COLORADO SPRINGS — The COVID-19 pandemic is far from over but there are more glimmers of hope as many of us work to rebound.
We’re taking a look at local small businesses and how they continue to stay afloat. Bakeries that specialize in celebrations, including weddings, took a huge hit this year. Some have sadly closed for good. Those that remain open say they’re so thankful to still be around to help people make lasting memories.
At the Sugarplum Cake Shoppe in Colorado Springs they were set for their biggest year yet.
"It was going gangbusters this year, this was a breakout year for us, but not anymore,” owner Amanda Adams said.
But the bakery is popping once again. The team of pastry chefs is running around and baking and decorating cookies and cakes for everything from birthdays to weddings.
Adams said she couldn’t believe that their ten year anniversary on April 6th ended up being in a pandemic.
“The first week the governor started closing everything down, our sales dropped by 80 percent,” Adams said, “It was staggering. We thought, okay, what are we going to do?”
Adams said her bank was proactive and helped her get PPP and EIDL loans. She was able to retain her eight employees and they made some modifications to their business model, like doing curbside pickup and slashing prices on deliveries.
While some weddings cancelled, many others rescheduled, and brides and grooms are still going to the shop for tastings.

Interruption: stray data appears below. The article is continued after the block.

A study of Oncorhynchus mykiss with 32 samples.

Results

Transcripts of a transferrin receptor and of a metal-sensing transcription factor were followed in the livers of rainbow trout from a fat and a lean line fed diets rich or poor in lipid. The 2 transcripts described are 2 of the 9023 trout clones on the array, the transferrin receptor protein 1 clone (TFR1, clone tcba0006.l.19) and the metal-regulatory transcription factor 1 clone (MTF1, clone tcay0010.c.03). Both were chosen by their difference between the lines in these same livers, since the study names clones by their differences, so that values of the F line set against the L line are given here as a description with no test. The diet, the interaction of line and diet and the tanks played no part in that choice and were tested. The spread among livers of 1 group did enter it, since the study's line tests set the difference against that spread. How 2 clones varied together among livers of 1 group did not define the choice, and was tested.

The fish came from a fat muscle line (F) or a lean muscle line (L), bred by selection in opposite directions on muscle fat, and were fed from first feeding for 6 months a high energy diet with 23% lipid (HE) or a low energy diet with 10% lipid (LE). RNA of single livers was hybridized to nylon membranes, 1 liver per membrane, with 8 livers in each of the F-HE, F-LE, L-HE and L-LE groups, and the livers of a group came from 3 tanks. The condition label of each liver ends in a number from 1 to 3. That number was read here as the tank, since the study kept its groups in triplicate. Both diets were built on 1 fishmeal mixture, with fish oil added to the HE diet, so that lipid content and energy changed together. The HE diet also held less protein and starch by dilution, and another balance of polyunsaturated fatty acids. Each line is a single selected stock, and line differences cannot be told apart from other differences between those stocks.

“We wanted the ceremony this year and I was starting to plan,” bride-to-be Christina Rhodes said, “But then, you know, we thought, I don’t think it’s gonna happen even September this year, considering we have family from out of town. People are afraid to travel right now. So we said we’ll wait. We did the right thing, we got engaged, so now we’re just waiting for our special day.”
Rhodes and her fiance got engaged during the pandemic. They have set their wedding date for September 2021 and are staying optimistic despite the uncertainty.
“You never know what’s gonna be open or closed. Who’s gonna still be in business, what venues will be available or still around,” groom-to-be Ronald Turner said.
Adams said she’s thankful for her customers who still come by, even though they’re also in the middle of renovations. Those started a few weeks before the shutdown.
“The renovation money we set aside went to pay salaries. So we’re getting it done slowly but surely, and getting most of it done by ourselves now,” Adams said.
Unfortunately, she said she’s heard of small bakeries that didn’t survive. She worries about what’s still ahead but is also keeping a positive attitude.
“We’re doing what we love, it’s sweet and delicious. We’re not gonna complain or try to be part of the problem,” Adams said, “Our philosophy is to always take the high road.”
The bakery hopes to keep whipping up memories for years to come and that someday soon the pandemic will start to become a distant memory.
If you have an idea for our Rebound Colorado series email firstname.lastname@example.org.